BMC turns up heat on high-rises violating safety norms

The civic body will move court against housing societies without fire-fighting systems
Maharashtra, Oct 22 (ANI): Smoke billows out as fire broke out on the 19th floor of the luxury residential towers Avighna park at Parel, in Mumbai on Friday. |  (ANI Photo)

Maharashtra, Oct 22 (ANI): Smoke billows out as fire broke out on the 19th floor of the luxury residential towers Avighna park at Parel, in Mumbai on Friday. | (ANI Photo)


The civic administration has decided to reinspect the fire fighting and safety system of all high-rises and has warned legal action against housing societies violating safety norms.
Under the Maharashtra Fire Prevention and Life Saving Measures Act 2006, it is mandatory to set up a fire prevention system in a multi-storeyed building. Therefore, the civic body has decided to move court against societies/high-rises without these systems as per the provisions of the Act.

Societies/high-rises are required to submit a certificate to the fire brigade in January and June every year stating that the fire extinguishing and fire safety system in their buildings is fully functional and competent. However, fire accidents in the city have revealed that many are flouting this rule. A list of societies that are found violating these norms will be compiled soon.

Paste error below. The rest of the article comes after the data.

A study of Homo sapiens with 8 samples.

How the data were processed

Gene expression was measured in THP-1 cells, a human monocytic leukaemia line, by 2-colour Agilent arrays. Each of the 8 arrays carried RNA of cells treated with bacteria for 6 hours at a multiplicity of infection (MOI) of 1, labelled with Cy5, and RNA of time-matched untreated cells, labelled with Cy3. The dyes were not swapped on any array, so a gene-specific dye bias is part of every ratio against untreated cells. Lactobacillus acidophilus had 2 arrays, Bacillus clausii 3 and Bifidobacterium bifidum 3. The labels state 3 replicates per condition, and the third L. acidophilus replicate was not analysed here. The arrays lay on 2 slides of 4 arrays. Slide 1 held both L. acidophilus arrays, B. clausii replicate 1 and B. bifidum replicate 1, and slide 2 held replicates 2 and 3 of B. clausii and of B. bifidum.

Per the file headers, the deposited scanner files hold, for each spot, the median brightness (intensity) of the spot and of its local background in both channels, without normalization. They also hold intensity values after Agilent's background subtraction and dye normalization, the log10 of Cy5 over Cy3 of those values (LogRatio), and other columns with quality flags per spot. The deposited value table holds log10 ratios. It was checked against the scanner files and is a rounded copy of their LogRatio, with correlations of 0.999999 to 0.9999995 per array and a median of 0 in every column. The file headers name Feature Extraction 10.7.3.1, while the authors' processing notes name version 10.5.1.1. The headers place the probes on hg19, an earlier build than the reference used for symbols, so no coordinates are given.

A senior BMC official said, "It has time and again come to light that many high-rises set up fire-fighting systems but neglect maintenance and regular review of the functions." The official added that the case at One Avighna Park is the latest example. "The sprinklers in the building were slow to respond and the pressure was very low initially. The investigation in this matter is still on," the official said.
The tallest turntable ladder available with the Mumbai fire brigade is 90m long, which can reach up to 30-32 floors of a high-rise building. However, the city also has 60-70-storeyed buildings like in the case of One Avighna Park. The 90-m ladder owned by the Mumbai fire engine weighs 52 tonnes.

Another senior BMC officer said, "The tallest firefighting ladder in the world is 112m long. This vehicle weighs 72 tonnes. Mumbai’s roads are not made to handle this weight."
The chief fire officer (CFO) of the Mumbai fire brigade Hemant Dattatray Parab said that in such cases, the building’s internal firefighting system is the first and major responder.

"Systems of smoke detectors and sprinklers are the first responders in case of high-rise fires. Sprinklers, especially, play a crucial role in containing a low intensity fire and stopping it from spreading.”

Parab informed that the fire brigade teams at ward levels will be reinspecting whether the provisions and guidelines of the Maharashtra Fire Prevention and Life Saving Measures Act 2006 have been implemented in high rises and are maintained regularly.

"Action will be taken against those found violating these norms," the official said.